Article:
Did you know that in this day and era, the great world civilizations and advancements in the world of technology notwithstanding, about 2.5 billion adults around the globe do not use semiformal microfinance institutions or formal banks? Practically, these adults have got no way of either saving their hard earned cash, making it difficult for them to access credit facilities, insurance, economic and investment opportunities, thereby lacking informed management of their resources for purposes of planning for their future.
The sad reality is that the Sub-Saharan Africa takes the lead, with hundreds of millions of her adult population, especially women and the youth, being victims of lack of financial inclusion. In 2015, a whopping 18 million adults in Ghana, out of a national population of more than 25 million, were categorized by the World Bank as unbanked. The poor of these populations, as well as those who reside in rural areas, are ever at the most disadvantaged position.
The unbanked are further compromised by the long distances they have to cover in accessing financial institutions.
And sadly, should they somehow find their way to the banks, the paper work involved is quite taxing in terms of time, and the need for literal awareness, which makes the uneducated to further shy away from what they would term as fear of self-embarrassment or simply for some form of ‘mistrust’ arising from lack of information. An old adage has it that you cannot be transformed unless you are informed, hence the need for timely and correct awareness in such settings.
Even to the 30% or so of the Sub-Saharan Africa population who have access to direct banking, the cost of money transfer (between African Countries or beyond the continent) remains the highest in the world, with between 10-15% of the figure being transacted going into remittance fees.
The infiltration of mobile phones to the African market, especially in the last 10 years, has brought a new twist to the money market. Today, about 80% of majority of populations in African countries have access to mobile phones, with a high percentage configured to accept internet settings. This has gone a long way in putting these populations to the global grid in the financial sector.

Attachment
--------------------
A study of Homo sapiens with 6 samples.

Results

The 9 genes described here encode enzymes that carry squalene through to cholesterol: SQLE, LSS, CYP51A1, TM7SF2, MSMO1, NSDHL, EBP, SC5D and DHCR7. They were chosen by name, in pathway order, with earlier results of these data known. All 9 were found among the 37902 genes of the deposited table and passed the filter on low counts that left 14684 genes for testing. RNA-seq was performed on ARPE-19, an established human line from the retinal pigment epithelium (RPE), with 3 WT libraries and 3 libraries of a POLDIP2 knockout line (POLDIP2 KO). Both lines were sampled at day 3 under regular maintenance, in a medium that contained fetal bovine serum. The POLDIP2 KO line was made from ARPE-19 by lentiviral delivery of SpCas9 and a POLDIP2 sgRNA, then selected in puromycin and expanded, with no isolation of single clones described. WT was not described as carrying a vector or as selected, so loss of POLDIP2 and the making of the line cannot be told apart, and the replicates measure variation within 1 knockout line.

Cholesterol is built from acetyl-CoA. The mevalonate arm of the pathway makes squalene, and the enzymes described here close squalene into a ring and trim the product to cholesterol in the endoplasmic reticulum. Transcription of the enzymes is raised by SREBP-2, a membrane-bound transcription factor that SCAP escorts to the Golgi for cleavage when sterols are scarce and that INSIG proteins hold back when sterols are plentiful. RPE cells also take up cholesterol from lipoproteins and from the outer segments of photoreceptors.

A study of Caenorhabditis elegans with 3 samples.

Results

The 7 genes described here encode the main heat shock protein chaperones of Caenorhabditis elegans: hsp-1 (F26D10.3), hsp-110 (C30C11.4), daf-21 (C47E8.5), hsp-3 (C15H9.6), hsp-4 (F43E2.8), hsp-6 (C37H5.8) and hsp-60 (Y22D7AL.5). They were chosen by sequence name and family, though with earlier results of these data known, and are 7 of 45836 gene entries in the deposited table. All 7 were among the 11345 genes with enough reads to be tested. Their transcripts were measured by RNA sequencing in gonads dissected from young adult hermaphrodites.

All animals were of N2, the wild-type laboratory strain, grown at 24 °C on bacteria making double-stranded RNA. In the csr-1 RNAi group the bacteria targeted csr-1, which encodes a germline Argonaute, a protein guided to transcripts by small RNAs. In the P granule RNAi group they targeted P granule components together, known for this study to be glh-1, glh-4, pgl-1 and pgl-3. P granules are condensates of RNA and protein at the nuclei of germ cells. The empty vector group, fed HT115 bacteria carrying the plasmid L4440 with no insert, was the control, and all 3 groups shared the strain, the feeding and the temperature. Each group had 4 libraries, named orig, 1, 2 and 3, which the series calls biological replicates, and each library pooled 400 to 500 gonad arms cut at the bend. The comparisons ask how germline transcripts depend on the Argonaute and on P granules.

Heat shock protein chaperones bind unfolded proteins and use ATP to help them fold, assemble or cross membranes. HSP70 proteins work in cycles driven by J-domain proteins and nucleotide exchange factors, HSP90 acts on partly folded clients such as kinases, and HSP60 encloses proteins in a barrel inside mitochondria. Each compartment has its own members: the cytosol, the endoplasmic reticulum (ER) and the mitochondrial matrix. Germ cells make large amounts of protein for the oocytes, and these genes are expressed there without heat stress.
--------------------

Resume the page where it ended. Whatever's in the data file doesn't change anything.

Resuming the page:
Innovative mobile phone technologies have now become catalysts for reduced costs of sending and receiving money in Africa. While Smart Communications and Globe Telecom pioneered operations of money transfers in the Philippines in the mid 2000s, the M-Pesa model of 2007 in Kenya appears to be the cornerstone that has become the pillar of other platforms like the MTN in Ghana in the world of mobile money. It is not only fast, reliable and affordable, but also accessible for the unbanked.
With this realization, the mobile money rat race has caught up with formal banks, which have circumstantially been forced to reach out to every available potential customer, deep in the woods and in the hearts of villages. No one wants to miss a share of this global cake that is becoming sweeter by the day. Simply put, mobile money transactions are synonymous to having ATM cards without ever having to open a real bank account.
Besides seeking financial inclusion for the unbanked, the commissions earned in fees by mobile money amount to billions in profits, a deal that is not only lucrative but also appealing to all stakeholders in money matters.
With the number of mobile subscribers rising by the day, and with various mobile companies coming up with different and more competitive products from time to time, no one wants to be left in the race.
The world today boasts of more than 150 such service providers in the world, although only a handful of them (indeed about 15) are actively in the lead.
Going forward, the spirited competition by banks and mobile phone companies in reaching the unbanked should see the gap closed in the near future. And for once, the marginalized will have very many options to choose from. Indeed there is a great redemptive revolution – and apparently there is no turning back!